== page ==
Riot Games, developer and publisher of League of Legends, has revealed details regarding its new franchising model for the North American League of Legends Championship Series (NA LCS). This includes an application process for teams, revenue sharing, a players' association and a retooling of the Challenger scene into the Academy League.
Bloomberg reports that franchises will cost a flat $10 million for existing NA LCS organizations, with newcomers required to pay an extra $3 million to compensate teams not selected to the group of 10 for the 2018 season. Franchises will have the option to pay this fee over time, with the potential for some of the cost to be waived based on the league hitting financial goals over the next few years.
The European LCS does not plan to move to a franchise model "at this point," Riot announced. The announcement cited a "uniquely diverse region" as a reason for the decision and mentioned that more information on the future of the EU LCS would come later this year.
To become a franchise team in the NA LCS, organizations will need to work through three steps outlined in Riot's news release. First, teams that want to franchise in the league will need to apply to do so. Riot will work with "expert third parties" to scope out details about teams and organizations. Second, Riot will review the teams and their proposals, which will include an "in-person presentation and Q&A, as well as some deeper dives into finances, credit checks, and background checks for the owners." Riot's criteria include having a "stable, professional, well-funded and committed" organization. Lastly, teams will be selected and announced in the fourth quarter of 2017 for the 2018 season.
Teams will no longer have to worry about relegation. Currently, the LCS works on a relegation system in which the bottom two teams at the end of the spring and summer split must fight for their spot via a promotion tournament, fending off up-and-coming teams from the Challenger Series. With the abolishment of the Challenger Series, the 10 teams that are franchised will be able to field an Academy League team, which Riot hopes will meet a variety of needs to pro teams, such as housing deeper rosters to encourage faster development of younger players.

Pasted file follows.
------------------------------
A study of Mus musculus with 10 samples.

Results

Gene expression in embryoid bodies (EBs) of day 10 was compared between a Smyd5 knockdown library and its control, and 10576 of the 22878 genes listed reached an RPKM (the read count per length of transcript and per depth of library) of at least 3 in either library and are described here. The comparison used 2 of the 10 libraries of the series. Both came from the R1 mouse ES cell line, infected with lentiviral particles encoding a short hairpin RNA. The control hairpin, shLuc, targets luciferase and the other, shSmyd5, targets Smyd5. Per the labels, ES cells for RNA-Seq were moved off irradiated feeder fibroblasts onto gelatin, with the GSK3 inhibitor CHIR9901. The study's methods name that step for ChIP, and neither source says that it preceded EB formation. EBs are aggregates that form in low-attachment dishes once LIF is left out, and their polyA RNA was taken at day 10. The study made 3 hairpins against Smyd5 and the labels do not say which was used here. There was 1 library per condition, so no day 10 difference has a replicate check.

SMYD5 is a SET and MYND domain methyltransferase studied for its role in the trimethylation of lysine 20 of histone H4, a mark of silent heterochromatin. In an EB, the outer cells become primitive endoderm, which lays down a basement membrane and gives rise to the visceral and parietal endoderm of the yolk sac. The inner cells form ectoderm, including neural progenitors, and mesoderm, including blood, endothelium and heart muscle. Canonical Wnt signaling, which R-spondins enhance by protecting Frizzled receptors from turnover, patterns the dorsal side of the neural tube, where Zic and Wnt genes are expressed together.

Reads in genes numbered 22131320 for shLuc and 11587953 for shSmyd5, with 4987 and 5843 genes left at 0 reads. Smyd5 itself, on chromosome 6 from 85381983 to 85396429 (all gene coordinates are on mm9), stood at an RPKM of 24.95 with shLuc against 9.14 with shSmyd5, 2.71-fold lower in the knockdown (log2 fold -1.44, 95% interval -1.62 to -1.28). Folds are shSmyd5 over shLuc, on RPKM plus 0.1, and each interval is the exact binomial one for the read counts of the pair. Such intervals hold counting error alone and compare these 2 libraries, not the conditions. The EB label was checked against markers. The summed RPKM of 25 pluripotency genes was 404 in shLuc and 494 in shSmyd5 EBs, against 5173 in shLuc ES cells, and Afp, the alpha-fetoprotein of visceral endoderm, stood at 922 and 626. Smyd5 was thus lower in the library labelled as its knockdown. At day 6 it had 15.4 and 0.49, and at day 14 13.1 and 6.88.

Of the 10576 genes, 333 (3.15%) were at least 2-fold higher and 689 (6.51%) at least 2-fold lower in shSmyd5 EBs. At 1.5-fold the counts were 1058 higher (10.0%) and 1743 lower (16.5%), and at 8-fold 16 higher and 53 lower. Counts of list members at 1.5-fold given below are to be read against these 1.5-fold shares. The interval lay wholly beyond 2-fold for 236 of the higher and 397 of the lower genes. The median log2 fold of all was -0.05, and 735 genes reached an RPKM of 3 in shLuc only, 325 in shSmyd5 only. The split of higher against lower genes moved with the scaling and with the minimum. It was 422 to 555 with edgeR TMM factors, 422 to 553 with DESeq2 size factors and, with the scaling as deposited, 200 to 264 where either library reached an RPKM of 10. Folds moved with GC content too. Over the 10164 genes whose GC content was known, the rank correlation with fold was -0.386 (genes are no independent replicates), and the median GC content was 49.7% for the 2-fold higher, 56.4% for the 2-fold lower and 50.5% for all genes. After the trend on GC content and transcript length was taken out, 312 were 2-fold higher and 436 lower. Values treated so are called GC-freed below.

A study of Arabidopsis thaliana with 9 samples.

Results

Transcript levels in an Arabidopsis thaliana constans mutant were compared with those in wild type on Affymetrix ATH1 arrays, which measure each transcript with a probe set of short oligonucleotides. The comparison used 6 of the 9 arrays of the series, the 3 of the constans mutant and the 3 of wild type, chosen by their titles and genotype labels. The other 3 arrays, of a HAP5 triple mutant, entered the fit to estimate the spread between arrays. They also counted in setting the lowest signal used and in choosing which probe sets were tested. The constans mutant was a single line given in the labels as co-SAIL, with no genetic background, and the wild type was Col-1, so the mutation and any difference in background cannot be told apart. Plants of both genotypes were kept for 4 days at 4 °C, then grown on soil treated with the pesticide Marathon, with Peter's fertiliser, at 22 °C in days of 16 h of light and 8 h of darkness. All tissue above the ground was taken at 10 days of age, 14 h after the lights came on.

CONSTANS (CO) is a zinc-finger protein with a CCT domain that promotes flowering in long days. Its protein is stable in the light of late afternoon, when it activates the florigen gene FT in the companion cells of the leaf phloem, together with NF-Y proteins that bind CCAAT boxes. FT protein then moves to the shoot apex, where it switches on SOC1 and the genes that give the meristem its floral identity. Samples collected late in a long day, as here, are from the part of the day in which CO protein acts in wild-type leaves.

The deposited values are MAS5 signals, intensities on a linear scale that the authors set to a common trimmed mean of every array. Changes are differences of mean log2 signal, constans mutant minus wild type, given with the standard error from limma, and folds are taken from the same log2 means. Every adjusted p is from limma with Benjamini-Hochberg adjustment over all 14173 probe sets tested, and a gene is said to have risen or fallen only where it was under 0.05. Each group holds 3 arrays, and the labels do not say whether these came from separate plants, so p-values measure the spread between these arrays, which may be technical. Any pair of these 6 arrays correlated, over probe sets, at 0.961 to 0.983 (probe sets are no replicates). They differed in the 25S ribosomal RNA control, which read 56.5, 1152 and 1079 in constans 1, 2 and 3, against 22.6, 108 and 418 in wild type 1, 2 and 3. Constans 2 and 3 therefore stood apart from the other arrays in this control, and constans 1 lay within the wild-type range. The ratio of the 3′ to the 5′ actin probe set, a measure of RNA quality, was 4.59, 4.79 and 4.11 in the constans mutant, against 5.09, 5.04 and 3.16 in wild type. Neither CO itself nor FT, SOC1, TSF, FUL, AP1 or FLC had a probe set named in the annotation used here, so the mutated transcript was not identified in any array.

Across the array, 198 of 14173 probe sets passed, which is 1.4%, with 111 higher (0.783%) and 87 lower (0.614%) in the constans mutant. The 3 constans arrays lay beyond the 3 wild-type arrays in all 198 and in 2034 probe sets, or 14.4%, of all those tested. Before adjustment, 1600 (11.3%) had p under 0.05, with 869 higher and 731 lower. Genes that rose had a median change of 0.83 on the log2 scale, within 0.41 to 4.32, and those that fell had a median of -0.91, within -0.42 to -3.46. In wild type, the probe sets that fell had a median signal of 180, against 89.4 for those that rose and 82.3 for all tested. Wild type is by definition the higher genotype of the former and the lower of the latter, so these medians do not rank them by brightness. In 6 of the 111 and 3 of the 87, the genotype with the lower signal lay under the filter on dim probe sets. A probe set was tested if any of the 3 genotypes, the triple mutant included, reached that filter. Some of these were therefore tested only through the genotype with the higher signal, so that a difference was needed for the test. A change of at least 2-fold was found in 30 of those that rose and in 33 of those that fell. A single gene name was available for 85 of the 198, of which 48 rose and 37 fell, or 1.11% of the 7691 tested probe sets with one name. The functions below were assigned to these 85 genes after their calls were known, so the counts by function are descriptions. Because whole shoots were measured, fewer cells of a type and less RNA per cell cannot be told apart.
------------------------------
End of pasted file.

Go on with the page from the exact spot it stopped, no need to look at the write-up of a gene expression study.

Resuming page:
"Removing the uncertainty around relegation will enable teams to be able to better plan for their future, and to make long term bets and investments in the league," Riot said in its release.
Removing relegation, however, might disincentivize teams from performing at peak levels knowing they can't be dropped to Challenger. To mitigate this, Riot will give financial incentives for good performance and will disqualify teams that finish ninth or 10th five times over an eight-split span (four years).
Revenue sharing is another major part of the evolution of the league. Last year, Riot started making moves with the media deals and digital goods surrounding teams, and it is looking to build on that by requiring teams to "share a portion of their league-driven revenues as well (including things like sponsorships and merch sales)."
"This aligns the interests of all parties (while still granting considerable opportunity for motivated owners and superstar players to earn outsized revenues), creating a strong and competitive ecosystem," the release states.
Additionally, Bloomberg reports that teams may use revenue sharing to pay for franchise fees to help offset some of the $10 million cost of securing a spot in the league.
Lastly, Riot will be creating the NA LCS Players' Association, giving "pros a seat at the table in league decisions," as well as access to resources such as lawyers, financial advisers and agents.
Although Riot will initially fund the association, it hopes that one day players will take over financial responsibilities and make it a fully independent players' union.